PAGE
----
It is high time that the automotive industry stopped being the ideal target of shakedown attempts by standard-essential patent (SEP) holders due to its sheer size, the high prices of its end products, and its pacifist attitude. For a long time, car makers used to be on the sidelines of major disputes. They generally resolved any IP issues out of court, respecting exclusionary rights in some cases and cross-licensing (or simply refraining from hostilities) in many others. But times have changed, and with cars increasingly becoming smartphones on wheels, those car makers are no longer dealing with a herd of sheep when it comes to patent assertions but have entered a jungle teeming with predators. As a result, they must confront those challenges more decisively, lest they be eaten alive.
Against this backdrop I'd like to promote (not getting anything for it) an upcoming Munich conference hosted by the Bardehle Pagenberg firm: Automotive Patent wars -- To pay or not to pay: That is the question." on May 9.
SEP disputes raise antitrust issues, and that's what's now, finally, also happening in the automotive industry:
On March 29, Reuters reported on an EU antitrust complaint brought by Daimler against Nokia. The article quotes an official Daimler statement: "We want clarification on how essential patents for telecommunications standards are to be licensed in the automotive industry. Fair and non-discriminatory access to these standards for all users of the essential patents for telecommunications standards is a key prerequisite for the development of new products and services for connected driving." (emphasis added)
The three words "for all users" are interesting. This wording at least makes it plausible that Daimler's complaint relates to Nokia's refusal to extend SEP licenses on FRAND terms to certain component suppliers. The motivation would obviously be for Nokia justify its royalty demands with the end price of an entire car, or substantial parts thereof.
What reinforces this impression is the subsequent filing of a complaint by a medium-sized company (that just employs about 2,300 people; a midget compared to Daimler) named BURY Technologies, but instead of burying the hatchet, they're throwing down another gauntlet to Nokia. Yesterday (Monday, April 8), BURY Technologies announced its EU antitrust complaint against Nokia, alleging that "the Finnish group had refused to grant licenses for mobile communications components from BURY."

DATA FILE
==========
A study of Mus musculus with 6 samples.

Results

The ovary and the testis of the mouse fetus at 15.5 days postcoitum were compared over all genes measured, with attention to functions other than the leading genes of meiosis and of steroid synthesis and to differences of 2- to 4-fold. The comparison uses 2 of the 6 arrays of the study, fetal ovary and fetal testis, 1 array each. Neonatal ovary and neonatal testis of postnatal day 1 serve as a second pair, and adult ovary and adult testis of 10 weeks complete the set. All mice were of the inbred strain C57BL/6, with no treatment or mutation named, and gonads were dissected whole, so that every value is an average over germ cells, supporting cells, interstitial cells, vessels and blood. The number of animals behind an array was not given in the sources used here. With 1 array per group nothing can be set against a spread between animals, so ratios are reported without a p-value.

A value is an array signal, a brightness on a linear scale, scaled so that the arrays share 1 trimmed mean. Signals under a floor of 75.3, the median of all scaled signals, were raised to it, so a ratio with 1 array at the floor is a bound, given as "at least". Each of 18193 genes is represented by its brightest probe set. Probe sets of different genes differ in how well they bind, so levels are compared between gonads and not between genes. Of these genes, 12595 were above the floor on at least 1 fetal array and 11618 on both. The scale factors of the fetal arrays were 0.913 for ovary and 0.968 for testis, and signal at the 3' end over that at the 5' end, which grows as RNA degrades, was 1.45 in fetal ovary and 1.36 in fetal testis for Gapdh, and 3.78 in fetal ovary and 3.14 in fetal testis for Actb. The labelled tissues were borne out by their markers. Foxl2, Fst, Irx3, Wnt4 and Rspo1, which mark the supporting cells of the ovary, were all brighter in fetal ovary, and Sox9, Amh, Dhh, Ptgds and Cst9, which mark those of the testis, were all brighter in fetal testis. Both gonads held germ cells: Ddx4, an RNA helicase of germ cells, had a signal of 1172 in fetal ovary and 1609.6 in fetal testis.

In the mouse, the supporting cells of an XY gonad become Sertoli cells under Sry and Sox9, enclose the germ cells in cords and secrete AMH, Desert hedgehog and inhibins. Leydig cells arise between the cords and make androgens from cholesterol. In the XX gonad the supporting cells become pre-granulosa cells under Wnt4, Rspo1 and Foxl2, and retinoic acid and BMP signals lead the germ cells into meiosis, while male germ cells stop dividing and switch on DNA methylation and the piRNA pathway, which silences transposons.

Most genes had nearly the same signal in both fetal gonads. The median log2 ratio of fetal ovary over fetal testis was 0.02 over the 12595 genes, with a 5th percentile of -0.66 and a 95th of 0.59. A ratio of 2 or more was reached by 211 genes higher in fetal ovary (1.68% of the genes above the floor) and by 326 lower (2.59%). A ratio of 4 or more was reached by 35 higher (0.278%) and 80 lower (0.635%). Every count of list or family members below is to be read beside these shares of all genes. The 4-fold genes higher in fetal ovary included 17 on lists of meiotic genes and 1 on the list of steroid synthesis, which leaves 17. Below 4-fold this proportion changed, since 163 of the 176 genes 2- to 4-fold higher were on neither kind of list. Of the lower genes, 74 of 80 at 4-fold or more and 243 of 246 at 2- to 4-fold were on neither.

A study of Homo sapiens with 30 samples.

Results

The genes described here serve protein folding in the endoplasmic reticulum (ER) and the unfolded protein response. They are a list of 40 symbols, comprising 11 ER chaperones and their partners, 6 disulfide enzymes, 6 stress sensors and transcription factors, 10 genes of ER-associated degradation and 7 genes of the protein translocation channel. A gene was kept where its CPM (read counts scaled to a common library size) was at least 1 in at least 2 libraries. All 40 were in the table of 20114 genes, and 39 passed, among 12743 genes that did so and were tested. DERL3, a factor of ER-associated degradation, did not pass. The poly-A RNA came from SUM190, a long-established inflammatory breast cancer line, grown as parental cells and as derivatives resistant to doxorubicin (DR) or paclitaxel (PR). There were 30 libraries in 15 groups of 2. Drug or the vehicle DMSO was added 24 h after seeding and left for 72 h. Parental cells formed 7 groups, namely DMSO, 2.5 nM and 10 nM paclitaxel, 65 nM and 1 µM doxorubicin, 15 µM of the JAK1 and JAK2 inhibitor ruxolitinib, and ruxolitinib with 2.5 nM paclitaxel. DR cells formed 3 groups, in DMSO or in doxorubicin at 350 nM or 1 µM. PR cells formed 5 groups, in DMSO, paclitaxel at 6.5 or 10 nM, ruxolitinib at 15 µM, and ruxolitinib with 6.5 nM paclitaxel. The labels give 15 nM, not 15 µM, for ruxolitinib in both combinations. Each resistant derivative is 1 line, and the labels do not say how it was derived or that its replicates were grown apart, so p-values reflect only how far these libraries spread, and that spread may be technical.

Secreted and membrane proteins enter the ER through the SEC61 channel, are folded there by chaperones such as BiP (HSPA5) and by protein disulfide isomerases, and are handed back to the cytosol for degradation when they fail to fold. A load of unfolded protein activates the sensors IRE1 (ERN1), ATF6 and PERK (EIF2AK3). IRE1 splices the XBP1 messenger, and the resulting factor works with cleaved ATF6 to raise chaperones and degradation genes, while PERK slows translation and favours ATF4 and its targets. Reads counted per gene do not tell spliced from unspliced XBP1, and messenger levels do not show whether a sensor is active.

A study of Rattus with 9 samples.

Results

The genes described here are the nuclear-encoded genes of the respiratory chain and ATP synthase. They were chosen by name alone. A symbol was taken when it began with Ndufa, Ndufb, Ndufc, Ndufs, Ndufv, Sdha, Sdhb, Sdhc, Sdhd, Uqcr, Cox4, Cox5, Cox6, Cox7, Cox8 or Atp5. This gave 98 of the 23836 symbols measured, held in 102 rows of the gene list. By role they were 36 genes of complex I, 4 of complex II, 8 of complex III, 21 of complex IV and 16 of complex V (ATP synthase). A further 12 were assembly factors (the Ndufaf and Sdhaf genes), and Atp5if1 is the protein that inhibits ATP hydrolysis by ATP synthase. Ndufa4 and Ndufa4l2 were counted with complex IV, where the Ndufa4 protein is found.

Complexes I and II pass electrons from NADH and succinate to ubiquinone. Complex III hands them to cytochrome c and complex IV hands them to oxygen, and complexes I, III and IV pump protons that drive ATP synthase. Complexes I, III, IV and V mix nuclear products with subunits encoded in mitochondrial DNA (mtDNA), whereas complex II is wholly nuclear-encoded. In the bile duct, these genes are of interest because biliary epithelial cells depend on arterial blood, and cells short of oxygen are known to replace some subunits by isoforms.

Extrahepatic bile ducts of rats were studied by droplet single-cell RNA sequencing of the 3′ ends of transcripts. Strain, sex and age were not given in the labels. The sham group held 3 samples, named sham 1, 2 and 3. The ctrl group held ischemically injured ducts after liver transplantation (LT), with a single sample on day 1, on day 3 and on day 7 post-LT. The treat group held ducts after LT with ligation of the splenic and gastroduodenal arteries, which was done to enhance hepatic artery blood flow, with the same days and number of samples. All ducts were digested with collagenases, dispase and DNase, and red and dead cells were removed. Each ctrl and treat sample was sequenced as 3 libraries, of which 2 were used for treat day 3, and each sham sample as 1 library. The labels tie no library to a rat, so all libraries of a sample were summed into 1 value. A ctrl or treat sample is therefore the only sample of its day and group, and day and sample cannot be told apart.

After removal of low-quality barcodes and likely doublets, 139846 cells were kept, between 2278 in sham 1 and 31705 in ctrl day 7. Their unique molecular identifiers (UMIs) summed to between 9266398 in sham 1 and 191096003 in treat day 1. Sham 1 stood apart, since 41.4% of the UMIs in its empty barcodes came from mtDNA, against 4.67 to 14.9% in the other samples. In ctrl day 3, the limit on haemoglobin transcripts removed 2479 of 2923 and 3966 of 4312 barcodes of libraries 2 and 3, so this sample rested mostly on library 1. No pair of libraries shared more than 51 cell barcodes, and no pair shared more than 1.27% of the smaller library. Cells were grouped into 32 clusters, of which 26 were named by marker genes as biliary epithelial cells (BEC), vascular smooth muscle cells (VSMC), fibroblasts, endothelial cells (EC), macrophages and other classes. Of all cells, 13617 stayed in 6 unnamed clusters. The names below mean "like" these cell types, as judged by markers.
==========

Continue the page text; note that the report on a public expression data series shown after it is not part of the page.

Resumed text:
The official press release refers to a "cartel complaint," which is just an incorrect translation of the German word "Kartellbeschwerde" (which broadly covers any complaint with a competition enforcement agency): it's not about Nokia having formed a cartel with others, but about unilateral conduct by Nokia as a SEP holder. It's not hard to imagine that a relatively small company just doesn't have a lot of expertise in the area of competition law.
The fact that this complaint was filed in relatively short succession to Daimler's makes it fairly likely that there was some coordination behind the scenes, except that Daimler would know the difference between antitrust and cartels.
The question of component-level licensing is also the key issue in the FTC v. Qualcomm dispute in the Northern District of California. Just like one of the world's most famous FRAND judges, United States District Judge James L. Robart, I also think Judge Lucy H. Koh's FTC v. Qualcomm ruling could come down any moment. Daimler's and BURY Technologies' complaints over Nokia's conduct with the EU Commission show that this is a global issue, and Judge Koh has the potential here to be a global thought leader, like Judge Robart became one with respect to FRAND rate determinations (and in the U.S., with respect to antisuit injunctions against SEP abusers).
Having watched Nokia in litigation over many years (even going back to its first dispute with Apple), and the unfortunate (for Nokia and its stakeholders, though not for consumers) demise of its mobile device business that changed its attitude toward patent monetization, I'm not surprised that it apparently made demands that Daimler wasn't willing to meet without a fight. Daimler is also defending itself against Broadcom's German lawsuits (as is BMW).
With all that's going on, this blog may have to take a closer look at automotive patent cases going forward just because of a huge overlap with smartphone issues. For now, I really hope the European Commission will launch formal investigations of Daimler's and BURY Technologies' complaints. The best-case scenario would be for the U.S. to clarify the question of component-level licensing on the basis of a ruling by Judge Koh and for the European Commission to do so at the end of an antitrust investigation.